CalRed

I now use a dimmer to reduce light intensity but to be honest it seems as though the algae issues have gotten worse. Green spot on the glass and now another fine hair algae on top of the diatom algae that is on the moss.
 

CalRed


Leaving you/us guessing what it was we did that did it...

IMHO we are not creating but only guiding this balance in the right direction... Where patience more often is a virtue... :)

Try the famous blackout, this does wonder with the least impact, work and cost other than not having visual fun for a couple of days.
The blackout route is an avenue i'm willing to try so long as it has no impact on livestock and plants.
 

CalRed


It is either <"Fragilaria (Synedra) a filamentous diatom"> or Rhizoclonium a Green Algae. My guess would be diatoms, which will feel slightly gritty when you rub the algal filaments between your fingers.

I've never really suffered from either of these, so hopefully some-one else will be able to advise you.

cheers Darrel
I'm almost certain it's Fragilaria on the moss.
 

Kezzab


I'm not sure what light you have, but you only have 2 hours a day when its at its highest intensity, and even then it's only at 75%. Lack of light could be a factor. I'd go for a 10 minute ramp up and down and then leave at the 75% for the moment.

I can't see if there is a diffuser in the tank, or are you using a reactor? Either way your drop checker is a very dark green and some of your plants have that look of being a bit co2 starved. If your drop checker is light green at lights on then you know you've optimised co2 to its safe potential, more or less. So I'd try to do that. You already have it coming on 2 hours in advance, so you need to increase the injection rate. Do it very gradually over several days, tweaking each day, until you get light green at lights on. Keep an eye on livestock.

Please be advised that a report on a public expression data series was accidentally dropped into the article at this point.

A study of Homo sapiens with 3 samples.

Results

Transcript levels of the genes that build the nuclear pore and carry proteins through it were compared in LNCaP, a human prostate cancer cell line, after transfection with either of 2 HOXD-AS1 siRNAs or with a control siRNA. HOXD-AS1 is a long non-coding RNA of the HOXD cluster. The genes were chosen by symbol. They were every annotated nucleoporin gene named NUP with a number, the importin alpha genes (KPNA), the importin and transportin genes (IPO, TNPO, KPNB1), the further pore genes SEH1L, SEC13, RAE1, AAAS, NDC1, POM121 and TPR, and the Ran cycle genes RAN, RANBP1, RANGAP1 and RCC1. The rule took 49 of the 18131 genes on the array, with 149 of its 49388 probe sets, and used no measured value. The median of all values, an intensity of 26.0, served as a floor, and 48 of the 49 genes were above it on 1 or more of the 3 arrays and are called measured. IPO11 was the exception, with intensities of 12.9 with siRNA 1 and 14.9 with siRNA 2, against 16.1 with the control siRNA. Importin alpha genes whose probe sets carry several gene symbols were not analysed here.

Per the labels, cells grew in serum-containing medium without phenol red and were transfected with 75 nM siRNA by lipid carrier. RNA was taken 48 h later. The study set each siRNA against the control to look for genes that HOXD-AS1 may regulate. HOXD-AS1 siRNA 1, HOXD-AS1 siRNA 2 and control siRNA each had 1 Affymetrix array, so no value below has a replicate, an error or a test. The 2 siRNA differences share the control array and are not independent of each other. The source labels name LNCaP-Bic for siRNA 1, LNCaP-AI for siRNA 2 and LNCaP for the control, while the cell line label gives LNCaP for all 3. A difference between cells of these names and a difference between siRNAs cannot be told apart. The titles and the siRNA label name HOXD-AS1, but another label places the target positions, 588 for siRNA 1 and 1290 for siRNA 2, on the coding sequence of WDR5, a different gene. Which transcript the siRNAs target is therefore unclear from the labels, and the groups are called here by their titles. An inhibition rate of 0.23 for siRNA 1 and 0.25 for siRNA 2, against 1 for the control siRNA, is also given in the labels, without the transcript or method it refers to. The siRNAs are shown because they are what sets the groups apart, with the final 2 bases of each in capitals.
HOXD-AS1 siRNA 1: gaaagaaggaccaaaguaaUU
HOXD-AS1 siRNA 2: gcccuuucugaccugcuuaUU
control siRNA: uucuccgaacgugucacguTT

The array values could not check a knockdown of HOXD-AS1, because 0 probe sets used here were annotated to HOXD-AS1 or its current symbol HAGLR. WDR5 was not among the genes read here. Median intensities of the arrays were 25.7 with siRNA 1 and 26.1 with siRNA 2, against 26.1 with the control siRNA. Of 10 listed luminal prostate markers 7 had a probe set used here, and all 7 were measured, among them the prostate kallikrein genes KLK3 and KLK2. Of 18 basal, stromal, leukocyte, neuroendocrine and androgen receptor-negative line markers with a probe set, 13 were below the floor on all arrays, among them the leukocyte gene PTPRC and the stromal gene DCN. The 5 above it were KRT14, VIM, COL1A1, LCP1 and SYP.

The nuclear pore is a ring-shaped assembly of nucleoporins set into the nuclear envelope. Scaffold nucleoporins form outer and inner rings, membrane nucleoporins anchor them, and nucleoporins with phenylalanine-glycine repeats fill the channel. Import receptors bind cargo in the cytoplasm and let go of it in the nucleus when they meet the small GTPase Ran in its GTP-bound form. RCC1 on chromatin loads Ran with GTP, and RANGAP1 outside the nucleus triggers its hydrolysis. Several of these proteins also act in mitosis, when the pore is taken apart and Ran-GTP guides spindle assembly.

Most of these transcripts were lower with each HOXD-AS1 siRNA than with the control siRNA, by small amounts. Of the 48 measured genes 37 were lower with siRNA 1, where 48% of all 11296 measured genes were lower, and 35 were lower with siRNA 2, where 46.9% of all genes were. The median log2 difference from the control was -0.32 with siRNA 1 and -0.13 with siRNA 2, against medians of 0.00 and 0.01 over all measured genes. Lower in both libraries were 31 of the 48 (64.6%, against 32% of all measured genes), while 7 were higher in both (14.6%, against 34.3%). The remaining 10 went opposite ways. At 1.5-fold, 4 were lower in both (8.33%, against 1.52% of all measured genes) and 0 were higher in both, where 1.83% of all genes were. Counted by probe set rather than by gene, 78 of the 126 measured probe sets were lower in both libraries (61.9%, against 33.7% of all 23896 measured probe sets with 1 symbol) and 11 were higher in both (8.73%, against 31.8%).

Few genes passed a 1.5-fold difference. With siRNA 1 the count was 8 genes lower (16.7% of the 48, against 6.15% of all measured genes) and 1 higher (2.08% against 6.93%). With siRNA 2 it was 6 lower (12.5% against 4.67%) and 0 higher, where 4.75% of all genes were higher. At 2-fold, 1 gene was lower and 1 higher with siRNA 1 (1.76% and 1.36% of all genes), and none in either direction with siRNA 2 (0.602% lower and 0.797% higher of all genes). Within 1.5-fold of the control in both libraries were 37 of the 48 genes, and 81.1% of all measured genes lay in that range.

I'm no ferts expert, but dose as per recommended on the APF website for a high tech tank.

Do 2 water changes a week if you can. At least for a few weeks.

Giving more light, food and co2 is going to give your plants the best chance to thrive.

I'd also consider the Algexit route if you don't see improvement.

Of course all this could make it worse, but it would be my route from here.
 

CalRed


I'm not sure what light you have, but you only have 2 hours a day when its at its highest intensity, and even then it's only at 75%. Lack of light could be a factor. I'd go for a 10 minute ramp up and down and then leave at the 75% for the moment.

I can't see if there is a diffuser in the tank, or are you using a reactor? Either way your drop checker is a very dark green and some of your plants have that look of being a bit co2 starved. If your drop checker is light green at lights on then you know you've optimised co2 to its safe potential, more or less. So I'd try to do that. You already have it coming on 2 hours in advance, so you need to increase the injection rate. Do it very gradually over several days, tweaking each day, until you get light green at lights on. Keep an eye on livestock.

I'm no ferts expert, but dose as per recommended on the APF website for a high tech tank.

Do 2 water changes a week if you can. At least for a few weeks.

Giving more light, food and co2 is going to give your plants the best chance to thrive.

I'd also consider the Algexit route if you don't see improvement.

Of course all this could make it worse, but it would be my route from here.
Thanks Kezzab. Today's water change day so i'll put all that into practice and see what happens over the coming weeks. I've probably underestimated the importance of hitting 30ppm CO2 at lights on to be honest.
 

shangman

I've done several blackouts recently on my tanks to deal with Spirogyra. The fish have been completely fine every time, other than hiding for a bit when it's ended (best to take the plastic off in the evening with lights out so they don't get full light until the next morning). The algae was always depleted, but not always eradicated, sometimes it needs multiple with just a few days in-between blackouts.

Edit: also the plants were all fine, the worst that happened was that my lotus stems grew very long so it isn't compact any more, other than that hardly any change.